Paying for search engine prominence puts you in control
If you build it, they will come" was the advice offered by Kevin Costner in the movie 'Field of Dreams'. But if that's as far as your strategy for promoting your web site goes, you could be in for a nasty shock.
There are a lot of websites out there, and prospective customers won't just stumble across yours - you need to show them the way. Fighting your way to the top of the search engine rankings can be tricky, technical and time-consuming. But these days, you can buy your way to the top.
Keyword or pay-per-click (PPC) advertising is popular with advertisers (in four years, it has moved from the research lab to taking three times as much money as the cinema ad industry), and is much less unpopular with ordinary web users than traditional 'banner' adverts. They look much like classified newspaper ads, with a brief attention-grabbing headline in bold, and a couple of lines following below.
The clever part is the way they are placed alongside relevant web material - putting the right adverts in front of people who are genuinely interested in what you have to offer.
How PPC works
Advertisers choose keywords or phrases which describe their offer and create an advert which will appear when users search for those words or phrases. They also specify the price they are willing to pay each time someone clicks on their ad - hence the name 'pay-per-click'.
If nobody clicks on the advert, you pay nothing. If they do click, you pay up to your nominated amount. Now, this presents an obvious benefit: unlike advertising in a newspaper, if you don't get any interested clickers, you don't pay.
In common with a newspaper, however, different PPC services reach different audiences. Microsoft's adCenter, for example, feeds ads into the MSN Search system, which not only reaches a large proportion of web users from a wide demographic base, but also allows targeting by location, age, gender and even time of day. Using tools to narrow your target, you stand a greater chance of reaching the customers you want, filtering out the unwanted clicks which just cost money. That adds up to a better return on your advertising budget.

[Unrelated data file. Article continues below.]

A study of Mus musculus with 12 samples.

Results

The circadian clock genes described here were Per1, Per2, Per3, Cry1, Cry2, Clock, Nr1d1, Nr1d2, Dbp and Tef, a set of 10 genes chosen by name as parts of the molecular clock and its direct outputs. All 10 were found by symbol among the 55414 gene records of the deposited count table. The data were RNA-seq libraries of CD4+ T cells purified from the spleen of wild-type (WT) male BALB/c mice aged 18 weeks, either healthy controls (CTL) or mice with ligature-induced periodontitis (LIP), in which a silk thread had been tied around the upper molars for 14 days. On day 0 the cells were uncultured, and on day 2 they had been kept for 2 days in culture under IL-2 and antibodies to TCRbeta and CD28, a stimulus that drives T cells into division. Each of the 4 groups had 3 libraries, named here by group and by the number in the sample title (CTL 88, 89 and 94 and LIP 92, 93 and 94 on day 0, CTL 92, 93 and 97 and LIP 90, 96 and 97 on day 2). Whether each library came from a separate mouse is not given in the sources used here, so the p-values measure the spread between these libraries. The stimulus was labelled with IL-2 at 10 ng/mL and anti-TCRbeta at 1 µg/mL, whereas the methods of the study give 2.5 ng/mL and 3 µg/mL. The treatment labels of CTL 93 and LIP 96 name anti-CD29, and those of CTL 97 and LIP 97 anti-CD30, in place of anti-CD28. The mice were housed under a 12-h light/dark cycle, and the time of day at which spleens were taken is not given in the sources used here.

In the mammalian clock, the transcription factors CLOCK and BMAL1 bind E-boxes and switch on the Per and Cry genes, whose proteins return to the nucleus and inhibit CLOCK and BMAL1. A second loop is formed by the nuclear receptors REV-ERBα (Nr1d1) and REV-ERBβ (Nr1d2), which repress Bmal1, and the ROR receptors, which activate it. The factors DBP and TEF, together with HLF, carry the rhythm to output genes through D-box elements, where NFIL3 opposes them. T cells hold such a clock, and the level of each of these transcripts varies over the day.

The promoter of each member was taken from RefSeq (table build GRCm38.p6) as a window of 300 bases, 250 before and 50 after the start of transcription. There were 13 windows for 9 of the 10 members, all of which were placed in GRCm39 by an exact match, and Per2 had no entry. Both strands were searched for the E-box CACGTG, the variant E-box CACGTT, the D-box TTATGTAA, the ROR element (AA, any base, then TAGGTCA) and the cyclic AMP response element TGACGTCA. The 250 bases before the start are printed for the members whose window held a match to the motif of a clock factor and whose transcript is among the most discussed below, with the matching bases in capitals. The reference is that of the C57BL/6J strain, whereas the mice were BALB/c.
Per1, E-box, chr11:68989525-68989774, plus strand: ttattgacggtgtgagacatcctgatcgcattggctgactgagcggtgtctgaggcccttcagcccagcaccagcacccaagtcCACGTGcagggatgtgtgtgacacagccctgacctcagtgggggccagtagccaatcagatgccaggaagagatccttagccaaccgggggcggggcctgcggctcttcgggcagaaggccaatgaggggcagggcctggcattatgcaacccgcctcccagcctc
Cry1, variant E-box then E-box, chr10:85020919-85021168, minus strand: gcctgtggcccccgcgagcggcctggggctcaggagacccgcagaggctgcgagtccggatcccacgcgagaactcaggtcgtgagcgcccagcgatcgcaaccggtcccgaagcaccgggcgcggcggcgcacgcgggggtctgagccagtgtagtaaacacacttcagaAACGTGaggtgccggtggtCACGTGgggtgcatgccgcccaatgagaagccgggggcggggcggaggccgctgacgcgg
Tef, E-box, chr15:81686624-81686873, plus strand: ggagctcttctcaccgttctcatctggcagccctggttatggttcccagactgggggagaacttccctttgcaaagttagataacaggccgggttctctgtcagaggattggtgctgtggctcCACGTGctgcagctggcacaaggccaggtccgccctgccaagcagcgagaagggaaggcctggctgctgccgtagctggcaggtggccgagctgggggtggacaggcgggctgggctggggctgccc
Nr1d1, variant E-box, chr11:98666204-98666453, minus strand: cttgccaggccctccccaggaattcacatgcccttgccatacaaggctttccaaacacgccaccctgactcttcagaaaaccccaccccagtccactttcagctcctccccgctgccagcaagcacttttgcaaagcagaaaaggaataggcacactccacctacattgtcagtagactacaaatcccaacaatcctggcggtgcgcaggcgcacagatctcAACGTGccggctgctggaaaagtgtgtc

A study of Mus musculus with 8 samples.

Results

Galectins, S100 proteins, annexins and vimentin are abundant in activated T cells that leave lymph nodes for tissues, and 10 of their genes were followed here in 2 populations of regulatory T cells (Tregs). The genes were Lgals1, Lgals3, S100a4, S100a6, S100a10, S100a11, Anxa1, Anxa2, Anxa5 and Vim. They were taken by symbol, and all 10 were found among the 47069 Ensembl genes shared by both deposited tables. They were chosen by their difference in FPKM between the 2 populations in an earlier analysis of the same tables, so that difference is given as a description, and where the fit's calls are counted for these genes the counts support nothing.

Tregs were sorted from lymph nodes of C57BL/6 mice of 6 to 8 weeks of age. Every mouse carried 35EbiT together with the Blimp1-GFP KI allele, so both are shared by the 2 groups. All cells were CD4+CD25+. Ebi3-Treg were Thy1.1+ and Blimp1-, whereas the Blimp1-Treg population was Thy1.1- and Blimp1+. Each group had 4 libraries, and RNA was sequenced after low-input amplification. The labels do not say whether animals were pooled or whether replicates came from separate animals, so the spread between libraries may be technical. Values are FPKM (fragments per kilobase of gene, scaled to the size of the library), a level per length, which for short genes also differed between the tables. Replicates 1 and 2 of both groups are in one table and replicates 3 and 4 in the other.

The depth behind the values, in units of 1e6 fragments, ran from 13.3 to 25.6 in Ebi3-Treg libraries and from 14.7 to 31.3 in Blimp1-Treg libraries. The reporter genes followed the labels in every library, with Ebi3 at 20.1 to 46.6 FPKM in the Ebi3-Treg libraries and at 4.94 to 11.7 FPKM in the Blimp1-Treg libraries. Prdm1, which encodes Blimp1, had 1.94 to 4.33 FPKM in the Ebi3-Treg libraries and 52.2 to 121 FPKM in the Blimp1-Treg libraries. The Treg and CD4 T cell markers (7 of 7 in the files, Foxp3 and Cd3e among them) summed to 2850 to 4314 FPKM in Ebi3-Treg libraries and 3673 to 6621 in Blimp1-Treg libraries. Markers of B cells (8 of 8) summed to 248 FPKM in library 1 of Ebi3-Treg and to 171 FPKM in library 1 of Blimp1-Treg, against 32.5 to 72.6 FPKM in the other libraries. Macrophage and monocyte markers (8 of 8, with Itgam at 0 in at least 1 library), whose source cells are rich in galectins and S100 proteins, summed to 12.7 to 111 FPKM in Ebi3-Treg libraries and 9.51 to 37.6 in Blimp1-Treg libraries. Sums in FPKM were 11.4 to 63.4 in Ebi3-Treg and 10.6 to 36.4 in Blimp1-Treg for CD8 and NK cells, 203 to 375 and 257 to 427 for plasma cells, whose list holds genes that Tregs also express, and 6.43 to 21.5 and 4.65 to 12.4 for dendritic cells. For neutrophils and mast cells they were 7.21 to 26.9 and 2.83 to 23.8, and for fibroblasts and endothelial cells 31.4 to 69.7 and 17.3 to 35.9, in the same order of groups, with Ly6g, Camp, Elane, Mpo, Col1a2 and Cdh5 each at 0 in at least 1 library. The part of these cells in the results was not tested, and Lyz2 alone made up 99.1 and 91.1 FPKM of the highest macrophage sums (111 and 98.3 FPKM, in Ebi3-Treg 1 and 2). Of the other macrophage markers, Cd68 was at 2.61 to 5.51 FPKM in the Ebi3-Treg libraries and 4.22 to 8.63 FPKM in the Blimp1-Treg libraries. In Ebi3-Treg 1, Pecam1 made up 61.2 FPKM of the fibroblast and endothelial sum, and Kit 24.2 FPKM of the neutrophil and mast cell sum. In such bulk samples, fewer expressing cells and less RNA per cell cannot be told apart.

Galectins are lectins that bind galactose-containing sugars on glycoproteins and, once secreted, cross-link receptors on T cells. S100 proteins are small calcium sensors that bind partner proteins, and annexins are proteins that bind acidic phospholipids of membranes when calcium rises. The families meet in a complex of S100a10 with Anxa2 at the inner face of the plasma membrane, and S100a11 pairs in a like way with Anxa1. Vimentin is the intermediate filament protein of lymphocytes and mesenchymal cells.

Become a keyword guru
When choosing the keywords to bid on, you need to think like a buyer, not like a seller. What are the search terms that potential customers might use to find you?
To help you, most keyword bidding systems publish details of precisely how many people searched for any given term (and variations thereof) in the last month or so. Even then you have a choice - to spend big on the most popular terms, or to mop up lots of cheaper but less popular queries.
Advertisers like PPC because it gives them hands-on control of their marketing. Sign up, and your adverts will start appearing within seconds. Prices start from as little as 1p per click, rising to several pounds for the most popular keywords. But unlike TV advertising, for example, you can start with a small investment first to test the market. You can run as many ads as you can be bothered to write, to see which ones generate the best response.